CLARKSBURG, W.Va. —¬†After mulling it over for a week and seeking legal advice, the Harrison County Commission will not get involved in a citizen’s attempt to stop the removal of three dams along the West Fork River.

The West Milford Dam
The West Milford Dam

“Why take a chance on spending county tax dollars for something we don’t really own,” Commissioner Bernie Fazzini asked.

John Stenger, a farmer in the Lost Creek area, requested last week for the commission to join as a party on an injunction he filed earlier this month seeking to stop the project.

His civil action contends lowering water levels would violate laws designating the pools of water behind the dams as lawful fences and would restrict the access to and use of the backed-up water, otherwise known as riparian rights.

Fazzini was then tasked with seeking out legal advice on what the repercussions of joining the injunction might be.

He learned that if the county attempted to break up the contracted work between the Clarksburg Water Board –the owners of the dams– and the U.S. Fish and Wildlife Service, they may be on the hook for paying the federal agency back.

“U.S. Fish and Wildlife could recover funds spent on preparing to do that project [which have been previously estimated at around $400,000] and they would go back at the Water Board for those funds,” he said. “If that happens, I’m sure the at Water Board is going to say ‘Hey, we didn’t stop the project. We’ll bring whoever did stop the project back into court with us.'”

Proponents of the project have said that removing the West Milford, Two-Lick and Highland Dams, while renovating the Hartland Dam, will restore the river to a more natural flow and recreate the habitats of endangered species of mussel.

Opponents counter lowering the water levels will deny the communities along the river fences, water supply and recreational opportunities.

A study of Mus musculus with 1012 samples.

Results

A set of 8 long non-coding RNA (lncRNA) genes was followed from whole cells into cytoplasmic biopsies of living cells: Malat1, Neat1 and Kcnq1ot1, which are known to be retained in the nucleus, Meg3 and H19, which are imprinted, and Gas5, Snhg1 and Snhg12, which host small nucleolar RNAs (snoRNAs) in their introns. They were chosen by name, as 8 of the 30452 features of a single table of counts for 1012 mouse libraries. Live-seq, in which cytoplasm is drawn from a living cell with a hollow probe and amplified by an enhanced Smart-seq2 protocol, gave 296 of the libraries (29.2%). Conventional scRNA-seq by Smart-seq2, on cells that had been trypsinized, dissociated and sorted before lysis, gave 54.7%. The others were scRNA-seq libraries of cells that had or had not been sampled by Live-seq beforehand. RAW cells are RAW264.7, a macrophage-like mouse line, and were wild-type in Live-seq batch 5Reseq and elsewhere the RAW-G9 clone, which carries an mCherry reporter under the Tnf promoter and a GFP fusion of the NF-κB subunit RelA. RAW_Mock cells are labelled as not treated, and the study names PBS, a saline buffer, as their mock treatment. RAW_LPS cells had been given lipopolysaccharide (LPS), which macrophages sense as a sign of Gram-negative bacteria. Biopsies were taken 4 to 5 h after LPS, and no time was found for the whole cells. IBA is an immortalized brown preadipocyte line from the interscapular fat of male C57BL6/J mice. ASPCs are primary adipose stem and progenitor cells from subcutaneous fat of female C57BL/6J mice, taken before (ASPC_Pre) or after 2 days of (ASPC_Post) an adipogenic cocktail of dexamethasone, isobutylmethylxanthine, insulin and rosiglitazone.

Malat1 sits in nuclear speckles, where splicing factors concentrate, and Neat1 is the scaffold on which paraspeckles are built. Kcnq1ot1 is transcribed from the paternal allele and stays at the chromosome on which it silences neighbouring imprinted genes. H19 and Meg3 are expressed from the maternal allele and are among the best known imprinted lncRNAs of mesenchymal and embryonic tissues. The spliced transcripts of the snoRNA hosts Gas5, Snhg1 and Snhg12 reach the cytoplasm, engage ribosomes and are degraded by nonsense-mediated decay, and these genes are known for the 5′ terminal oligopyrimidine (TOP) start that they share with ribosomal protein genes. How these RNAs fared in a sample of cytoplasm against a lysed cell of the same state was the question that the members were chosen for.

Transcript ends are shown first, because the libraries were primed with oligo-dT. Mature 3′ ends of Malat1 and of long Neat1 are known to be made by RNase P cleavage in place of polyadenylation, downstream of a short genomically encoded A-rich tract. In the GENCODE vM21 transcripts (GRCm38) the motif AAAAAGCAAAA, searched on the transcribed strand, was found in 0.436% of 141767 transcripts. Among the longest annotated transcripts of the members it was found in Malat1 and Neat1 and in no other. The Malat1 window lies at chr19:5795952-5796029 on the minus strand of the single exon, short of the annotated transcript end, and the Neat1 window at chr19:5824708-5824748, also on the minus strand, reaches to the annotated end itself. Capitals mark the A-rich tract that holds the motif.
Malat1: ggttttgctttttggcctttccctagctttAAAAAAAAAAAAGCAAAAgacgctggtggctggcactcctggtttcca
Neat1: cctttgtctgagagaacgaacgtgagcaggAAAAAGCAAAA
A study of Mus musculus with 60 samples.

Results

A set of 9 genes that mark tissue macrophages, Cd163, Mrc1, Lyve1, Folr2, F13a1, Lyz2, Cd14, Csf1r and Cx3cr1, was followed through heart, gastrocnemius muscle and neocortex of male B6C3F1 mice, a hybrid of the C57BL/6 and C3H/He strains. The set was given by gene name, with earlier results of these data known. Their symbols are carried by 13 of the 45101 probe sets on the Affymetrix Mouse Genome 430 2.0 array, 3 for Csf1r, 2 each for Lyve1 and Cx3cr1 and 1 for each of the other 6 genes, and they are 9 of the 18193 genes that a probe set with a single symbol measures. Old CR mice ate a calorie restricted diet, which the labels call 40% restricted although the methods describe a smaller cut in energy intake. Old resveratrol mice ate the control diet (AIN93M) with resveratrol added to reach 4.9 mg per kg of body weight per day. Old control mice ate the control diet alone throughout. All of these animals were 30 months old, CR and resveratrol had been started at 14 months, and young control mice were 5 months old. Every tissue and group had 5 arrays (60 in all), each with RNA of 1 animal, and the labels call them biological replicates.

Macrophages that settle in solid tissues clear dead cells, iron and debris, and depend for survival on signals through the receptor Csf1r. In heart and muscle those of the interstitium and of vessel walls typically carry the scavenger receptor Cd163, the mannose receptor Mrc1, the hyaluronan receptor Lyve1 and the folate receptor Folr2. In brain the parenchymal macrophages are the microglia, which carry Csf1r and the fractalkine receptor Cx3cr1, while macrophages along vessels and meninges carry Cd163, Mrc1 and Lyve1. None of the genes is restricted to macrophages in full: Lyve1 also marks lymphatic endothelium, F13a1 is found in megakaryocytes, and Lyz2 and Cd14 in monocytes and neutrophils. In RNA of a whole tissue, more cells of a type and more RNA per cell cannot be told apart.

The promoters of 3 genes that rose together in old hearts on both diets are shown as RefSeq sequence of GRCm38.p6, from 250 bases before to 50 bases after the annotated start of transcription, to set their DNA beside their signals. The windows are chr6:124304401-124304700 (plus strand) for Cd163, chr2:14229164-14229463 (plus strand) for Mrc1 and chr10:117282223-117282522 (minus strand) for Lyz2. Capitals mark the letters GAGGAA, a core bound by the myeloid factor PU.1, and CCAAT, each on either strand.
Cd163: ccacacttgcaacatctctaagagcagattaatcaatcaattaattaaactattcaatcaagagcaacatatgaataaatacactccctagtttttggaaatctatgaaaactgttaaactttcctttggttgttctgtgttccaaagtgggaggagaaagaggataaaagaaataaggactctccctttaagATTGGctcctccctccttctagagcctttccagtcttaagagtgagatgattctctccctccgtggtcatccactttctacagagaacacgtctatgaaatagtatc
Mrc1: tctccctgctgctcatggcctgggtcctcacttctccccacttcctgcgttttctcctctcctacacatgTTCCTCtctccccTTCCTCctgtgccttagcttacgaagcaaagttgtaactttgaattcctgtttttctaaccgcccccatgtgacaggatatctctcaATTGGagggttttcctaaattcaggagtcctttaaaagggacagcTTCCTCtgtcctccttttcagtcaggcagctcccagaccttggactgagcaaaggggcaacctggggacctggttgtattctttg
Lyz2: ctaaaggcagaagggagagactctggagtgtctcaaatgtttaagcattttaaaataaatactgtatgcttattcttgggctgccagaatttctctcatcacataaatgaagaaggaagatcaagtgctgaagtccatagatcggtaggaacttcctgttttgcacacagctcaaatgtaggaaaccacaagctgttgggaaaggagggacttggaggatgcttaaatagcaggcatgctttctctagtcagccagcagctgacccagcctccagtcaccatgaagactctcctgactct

Work on removing the first dam –West Milford– began on March 21 with a two foot notch being hammered every 24 hours in order to give the river banks time to adjust.

The first notch was hammered into dam number two, the Highland Dam this week
The first notch was hammered into dam number two, the Highland Dam this week

Demolition on the second dam –Highland– began on Wednesday, according to the West Virginia Partners for Fish and Wildlife Program.

Stenger’s civil suit remains pending before Harrison County Circuit Court Judge James Matish, with no indication of an injunction being granted.

While the commission previously voiced their opposition to the demolition project, Fazzini said that due to the risk of being held liable, they will not participate in any legal action.

“That scares me off,” he said. “I don’t want to commit any county fund to reimburse the dam project.”

Demolition work continues along the West Fork River, with separate teams working to remove litter from the water and monitoring the endangered mussels along the river banks.